Five men draw brightly colored letters on the walls around the railroad tracks near East Fordham Road in the Bronx, surrounded by crates of spray paint. They move gracefully with the vibrant mist , creating sharp, crisp lines. Quiet as Buddhist monks, they fill in their letters with colors like “dragon green” and “pussy pink”, creating depth within the wall. Only the noise of mixing balls and hissing aerosol escape the scene. Just a couple feet away from the tracks, two graffiti artists, Skeme and Chain 3 paint their names on a subway car. They aren’t afraid of being caught.

They shouldn’t be; they aren’t breaking any laws.

This all occurs in “the yard,” an alley owned by Tuff City Styles,  a tattoo store located on 650 East Fordham Road in the Bronx. The owners, who are graffiti artists themselves, recreated the alley to resemble a train yard with a set of railroad tracks in the middle and a full-scale model of the exterior of an old subway car.

For eight years, the yard at Tuff City Styles has been a haven for graffiti artists looking for a legal space to paint. Many artists that visit Tuff City used to be subway graffiti writers in the 1970s and ‘80s that grew up and quit. They no longer want to vandalize; they want to use graffiti to make a positive impact  “His facility is like a daycare for adults,” said Skeme, a prolific graffiti writer who was made famous in the 1984 graffiti documentary “Style Wars.”

And adults are exactly what they are. As kids they broke into train yards, but now they raise families and pay bills. Some work as full time artists, while others are college art professors or world touring DJs. One artist, who goes by the name Bids, worked as a chemist for 15 years.. Although Bids was making a good amount of money as a chemist, he wasn’t happy, so he went back to his childhood passion. Today, he works at Tuff City, where he manages the yard and the graffiti shop.

Being adults, they’re no longer willing to get arrested for their work;  they don’t romanticize the illegal side of graffiti. Now, Bids encourages others that want to get into graffiti to come to Tuff City and paint legally. He believes that graffiti can be used to help troubled kids find a creative outlet and has worked with kids at schools and community centers.

“I did it illegally 20 years ago because that’s what it was as a kid,” Bids said. “But as you get older, you realize this is not what you want to be known for. What I want[ed] to be known for was for what I was doing on the walls, but I wanted to be known the right way. So I came here and that’s how I started.”

 Despite the positive impact legal graffiti writers are trying to make, it is difficult for them to gain access to legal spots and showcase their artwork. Graffiti writer BG 183, of the professional mural group Tats Cru, said over the phone that getting permission from landlords can be an issue. Sometimes they will reply within a week, sometimes three months. And the landlord can flat out reject an art proposal if they don’t like it. There are also “fame spots,” which are walls that get high foot traffic and usually require an artist to be well established or have good connections to get a chance to paint.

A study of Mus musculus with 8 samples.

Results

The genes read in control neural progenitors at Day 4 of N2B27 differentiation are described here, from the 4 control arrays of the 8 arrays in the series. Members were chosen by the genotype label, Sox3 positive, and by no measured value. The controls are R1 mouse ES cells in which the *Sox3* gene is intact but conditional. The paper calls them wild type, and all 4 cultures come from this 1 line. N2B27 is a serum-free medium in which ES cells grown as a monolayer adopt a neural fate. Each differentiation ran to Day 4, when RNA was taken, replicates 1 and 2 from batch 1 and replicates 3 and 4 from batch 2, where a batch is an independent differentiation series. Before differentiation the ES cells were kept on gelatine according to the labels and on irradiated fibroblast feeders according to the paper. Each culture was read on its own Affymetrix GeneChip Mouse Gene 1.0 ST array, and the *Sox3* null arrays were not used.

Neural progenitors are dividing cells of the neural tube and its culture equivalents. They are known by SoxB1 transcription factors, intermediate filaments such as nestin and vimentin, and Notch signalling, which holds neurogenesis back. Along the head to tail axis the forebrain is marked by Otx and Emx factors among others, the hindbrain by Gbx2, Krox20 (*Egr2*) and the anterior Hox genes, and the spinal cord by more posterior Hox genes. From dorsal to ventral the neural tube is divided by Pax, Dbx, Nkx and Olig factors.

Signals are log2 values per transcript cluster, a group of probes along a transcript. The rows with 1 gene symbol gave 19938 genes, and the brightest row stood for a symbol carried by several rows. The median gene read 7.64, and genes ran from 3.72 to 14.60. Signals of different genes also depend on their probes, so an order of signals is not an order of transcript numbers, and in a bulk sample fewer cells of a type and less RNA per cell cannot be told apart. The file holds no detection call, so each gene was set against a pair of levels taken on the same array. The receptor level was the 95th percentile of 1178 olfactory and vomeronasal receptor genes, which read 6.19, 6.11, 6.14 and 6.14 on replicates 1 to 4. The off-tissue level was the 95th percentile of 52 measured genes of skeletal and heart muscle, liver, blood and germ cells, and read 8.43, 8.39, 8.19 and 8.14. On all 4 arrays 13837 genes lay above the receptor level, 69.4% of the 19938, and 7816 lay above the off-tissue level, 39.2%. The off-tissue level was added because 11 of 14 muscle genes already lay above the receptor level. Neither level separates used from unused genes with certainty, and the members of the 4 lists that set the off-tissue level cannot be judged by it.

This is how a place like Tuff City comes into the picture. At Tuff City, fame isn’t required, and there isn’t any  waiting period for permissions. Their policy is simple: purchase spray paint at Tuff City and you are free to paint there. Artists of all skill levels are welcome, whether it’s  a legendary subway graffiti artist or a young kid trying to put his first sketch on a wall.

But just because anyone is allowed to paint at Tuff City doesn’t mean graffiti is easy to make. Artists put in hours of work to complete a “piece” (slang for a large complex work of graffiti). They spend time giving their letters a 3-D effect,  and take care to fill in each letter with the right balance of color. Although they make it seem effortless, each artist has his or her own style that took years to develop.

“Just the different widths and lengths and the way it curves in certain places– that’s what takes years and years to figure out,” said Jerms, another artist who regularly paints at Tuff City. “You can go to an amusement park and there’re 15 cartoon guys that can paint a portrait of somebody but they can never do that.” He points to a graffiti piece of an artist named Soze on the wall.

But what draws graffiti artists across the city and from around the world to Tuff City is the sense of camaraderie shared among graffiti writers. With a good amount of space and a relaxed painting policy, Tuff City is a place where old and new writers can meet and share a common interest. Two artists that have never met  can work side by side and collaborate with each other. For others, Tuff City is a place where  old friends can link up and relive childhood memories by  painting the mock train in the yard.

“It’s a really weird feeling to be honest with you, it’s almost like time travel,” says Skeme as he looks at his finished piece on Tuff City’s train. “And it’s not until somebody says something to me and kind of snaps me out of it that I’m like, ‘Oh, it’s 2016.’ But in the moment, when I’m painting, I’m totally immersed.”